Just when I had persuaded myself it was a phenomenon induced by living in or visiting Le Lavandou, I find I must eat my words.
The desire to drive the wrong way round car parks, against clearly painted direction signals on the road surface, is merely part of the human condition. So roadhogs of this part of the Var, or - if you prefer - free spirits exercising their republican right to do as they please, accept my heartfelt apology for picking on you.
In a short wait for my daughter at the car park of the Matalan store at the Great Western Retail Park near Southall, I saw half a dozen people do precisely the same thing.
In all cases, west of London as in the south of France, the objective appears to be gain a few seconds' advantage, though this does not always happen.
The example above is the most recent one spotted at Intermarché, which I think of as being in Le Lavandou although it may technically be in Bormes-les-Mimosas. The woman driver, a holidaymaker I'd say from her non-Var registration plate, not only drove the wrong way for more than half the length of the first section of the car park, paying not the slightest attention to cars approaching in the opposite direction; she then proceeded to reverse most of the way, which at least meant she was going the right way, to that cherished location, a parking space (there were many, of course, and she'd have found one a lot quicker by obeying the signs).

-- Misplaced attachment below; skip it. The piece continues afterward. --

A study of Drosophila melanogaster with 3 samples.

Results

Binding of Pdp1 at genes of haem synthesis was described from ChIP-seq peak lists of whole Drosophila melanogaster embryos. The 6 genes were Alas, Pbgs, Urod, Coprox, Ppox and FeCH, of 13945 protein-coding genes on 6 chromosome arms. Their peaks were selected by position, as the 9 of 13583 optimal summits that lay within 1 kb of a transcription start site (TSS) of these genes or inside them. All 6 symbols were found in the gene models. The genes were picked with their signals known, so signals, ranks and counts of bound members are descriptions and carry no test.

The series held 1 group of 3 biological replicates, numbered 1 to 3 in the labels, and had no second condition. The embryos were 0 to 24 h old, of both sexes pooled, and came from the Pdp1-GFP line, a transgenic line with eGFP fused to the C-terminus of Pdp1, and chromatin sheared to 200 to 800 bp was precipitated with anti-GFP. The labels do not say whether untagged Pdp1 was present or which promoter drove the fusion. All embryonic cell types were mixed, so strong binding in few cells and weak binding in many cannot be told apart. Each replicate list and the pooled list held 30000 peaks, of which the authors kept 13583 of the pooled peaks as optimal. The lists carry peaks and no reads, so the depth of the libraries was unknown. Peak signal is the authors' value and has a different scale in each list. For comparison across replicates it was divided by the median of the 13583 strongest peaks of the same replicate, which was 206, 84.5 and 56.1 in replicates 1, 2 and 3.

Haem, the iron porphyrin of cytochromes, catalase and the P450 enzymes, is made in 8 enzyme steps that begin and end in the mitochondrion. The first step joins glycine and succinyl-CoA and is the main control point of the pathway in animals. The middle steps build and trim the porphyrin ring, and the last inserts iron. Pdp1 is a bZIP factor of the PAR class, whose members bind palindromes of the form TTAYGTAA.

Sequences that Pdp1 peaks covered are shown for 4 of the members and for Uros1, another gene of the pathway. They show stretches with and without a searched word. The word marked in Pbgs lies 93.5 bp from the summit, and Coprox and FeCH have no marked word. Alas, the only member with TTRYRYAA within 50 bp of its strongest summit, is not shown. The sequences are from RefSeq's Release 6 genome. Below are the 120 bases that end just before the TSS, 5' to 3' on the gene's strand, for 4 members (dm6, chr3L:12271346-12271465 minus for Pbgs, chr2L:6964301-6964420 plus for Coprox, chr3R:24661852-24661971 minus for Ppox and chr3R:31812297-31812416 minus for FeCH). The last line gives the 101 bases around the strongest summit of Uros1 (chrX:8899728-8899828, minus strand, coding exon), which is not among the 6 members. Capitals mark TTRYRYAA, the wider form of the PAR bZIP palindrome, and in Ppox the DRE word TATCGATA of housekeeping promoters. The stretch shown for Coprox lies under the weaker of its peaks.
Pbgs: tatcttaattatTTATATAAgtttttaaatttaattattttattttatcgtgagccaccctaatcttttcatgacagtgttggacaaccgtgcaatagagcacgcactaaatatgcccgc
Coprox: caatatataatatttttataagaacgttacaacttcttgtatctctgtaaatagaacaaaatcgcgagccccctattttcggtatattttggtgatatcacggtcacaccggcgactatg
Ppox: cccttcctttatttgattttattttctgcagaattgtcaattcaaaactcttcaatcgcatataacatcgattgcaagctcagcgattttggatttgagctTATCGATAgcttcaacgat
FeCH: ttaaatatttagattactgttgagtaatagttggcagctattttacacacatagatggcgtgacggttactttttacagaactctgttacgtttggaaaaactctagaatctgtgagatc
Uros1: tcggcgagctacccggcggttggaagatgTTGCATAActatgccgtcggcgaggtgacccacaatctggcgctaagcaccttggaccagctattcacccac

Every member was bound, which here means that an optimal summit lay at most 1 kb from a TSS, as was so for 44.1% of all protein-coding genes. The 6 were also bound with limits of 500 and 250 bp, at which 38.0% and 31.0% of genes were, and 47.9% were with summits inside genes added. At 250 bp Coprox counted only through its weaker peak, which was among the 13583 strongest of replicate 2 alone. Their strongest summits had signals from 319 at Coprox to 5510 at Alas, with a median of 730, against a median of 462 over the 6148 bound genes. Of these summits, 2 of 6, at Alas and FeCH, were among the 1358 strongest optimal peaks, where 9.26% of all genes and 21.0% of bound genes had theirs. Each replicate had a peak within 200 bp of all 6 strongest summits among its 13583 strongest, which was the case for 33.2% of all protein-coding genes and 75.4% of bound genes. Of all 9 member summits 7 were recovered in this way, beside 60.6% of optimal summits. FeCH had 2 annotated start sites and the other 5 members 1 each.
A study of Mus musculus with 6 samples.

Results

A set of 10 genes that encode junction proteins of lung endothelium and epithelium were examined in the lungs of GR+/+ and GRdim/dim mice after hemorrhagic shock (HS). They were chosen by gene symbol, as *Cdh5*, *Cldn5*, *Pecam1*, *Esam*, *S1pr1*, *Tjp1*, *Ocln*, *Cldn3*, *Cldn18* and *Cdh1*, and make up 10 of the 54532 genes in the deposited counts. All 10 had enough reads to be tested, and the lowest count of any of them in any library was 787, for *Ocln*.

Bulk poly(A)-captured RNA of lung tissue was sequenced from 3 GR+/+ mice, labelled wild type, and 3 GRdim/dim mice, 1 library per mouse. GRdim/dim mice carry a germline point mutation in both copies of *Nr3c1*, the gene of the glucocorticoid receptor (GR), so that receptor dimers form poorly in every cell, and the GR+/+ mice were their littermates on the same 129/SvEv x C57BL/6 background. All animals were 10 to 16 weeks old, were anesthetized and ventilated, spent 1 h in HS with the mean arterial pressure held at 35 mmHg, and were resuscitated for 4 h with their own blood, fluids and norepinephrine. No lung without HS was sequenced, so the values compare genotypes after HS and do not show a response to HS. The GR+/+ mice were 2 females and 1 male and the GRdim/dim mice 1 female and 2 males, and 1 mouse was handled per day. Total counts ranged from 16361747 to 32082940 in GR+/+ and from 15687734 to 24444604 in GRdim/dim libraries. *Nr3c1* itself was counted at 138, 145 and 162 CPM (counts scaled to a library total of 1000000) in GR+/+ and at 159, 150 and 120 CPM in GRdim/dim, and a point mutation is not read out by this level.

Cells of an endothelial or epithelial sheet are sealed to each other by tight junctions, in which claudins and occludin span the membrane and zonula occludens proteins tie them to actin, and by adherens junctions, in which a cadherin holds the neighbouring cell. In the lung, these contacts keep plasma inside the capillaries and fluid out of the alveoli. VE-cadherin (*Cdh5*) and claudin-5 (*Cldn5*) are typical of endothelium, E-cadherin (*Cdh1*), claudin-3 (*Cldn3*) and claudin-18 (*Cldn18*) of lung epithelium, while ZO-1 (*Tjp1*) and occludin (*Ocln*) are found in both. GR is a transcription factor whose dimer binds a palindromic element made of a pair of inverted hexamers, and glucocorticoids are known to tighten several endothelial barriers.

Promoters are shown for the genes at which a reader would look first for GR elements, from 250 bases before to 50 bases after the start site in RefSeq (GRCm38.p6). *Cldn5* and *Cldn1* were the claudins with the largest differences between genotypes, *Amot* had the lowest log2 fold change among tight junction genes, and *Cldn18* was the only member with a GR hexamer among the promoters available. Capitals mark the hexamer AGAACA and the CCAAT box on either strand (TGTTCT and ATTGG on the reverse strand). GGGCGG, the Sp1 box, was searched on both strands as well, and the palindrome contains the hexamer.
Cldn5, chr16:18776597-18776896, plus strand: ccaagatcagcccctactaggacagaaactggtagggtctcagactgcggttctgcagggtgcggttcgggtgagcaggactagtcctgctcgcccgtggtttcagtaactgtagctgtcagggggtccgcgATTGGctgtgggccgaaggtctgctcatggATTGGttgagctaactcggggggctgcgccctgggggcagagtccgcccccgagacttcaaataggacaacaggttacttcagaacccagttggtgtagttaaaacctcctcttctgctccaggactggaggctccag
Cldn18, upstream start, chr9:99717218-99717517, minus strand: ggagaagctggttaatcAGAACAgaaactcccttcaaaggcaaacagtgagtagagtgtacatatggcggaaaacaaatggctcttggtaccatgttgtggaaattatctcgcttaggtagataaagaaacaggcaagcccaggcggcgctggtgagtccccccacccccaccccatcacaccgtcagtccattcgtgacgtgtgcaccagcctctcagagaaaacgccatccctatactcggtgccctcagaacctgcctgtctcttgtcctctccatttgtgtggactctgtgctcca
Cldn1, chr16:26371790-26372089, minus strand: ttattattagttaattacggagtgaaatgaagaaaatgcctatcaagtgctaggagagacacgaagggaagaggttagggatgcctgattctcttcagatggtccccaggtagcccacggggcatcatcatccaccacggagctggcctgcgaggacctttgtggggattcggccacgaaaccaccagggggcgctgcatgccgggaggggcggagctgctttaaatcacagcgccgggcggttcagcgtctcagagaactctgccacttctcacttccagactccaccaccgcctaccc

That the driver was a woman is not strictly relevant to my observations of this minor example of inconsiderate, even oafish behaviour at the wheel.
In my experience, French female drivers are technically able; they just adopt the same approach of many French men and drive as if there are no other road-users.
Otherwise, they would presumably argue that there is usually just enough space for two cars to pass, though this ignores tight turns at either end of the stretch shown. It also ignores the inconvenient fact that one-way systems, in car parks as on motorways, are there for a reason.
There is almost never a proper justification. Very rarely, the normal route may be obstructed by a huge delivery lorry
Here are a couple of other instances photographed, first at Matalan and then at Intermarché, where some drivers even enter the car park an an exit-only point where there are No Entry signs intended to help them make a wiser choice.
The show, for those in Le Lavandou, continues in similar vein at Carrefour and the biggest car park in town, le Parking du Marché. But remember that Je m'en foutisme - not giving a damn, in this case what others think of your behaviour - has spread across the Channel/Manche.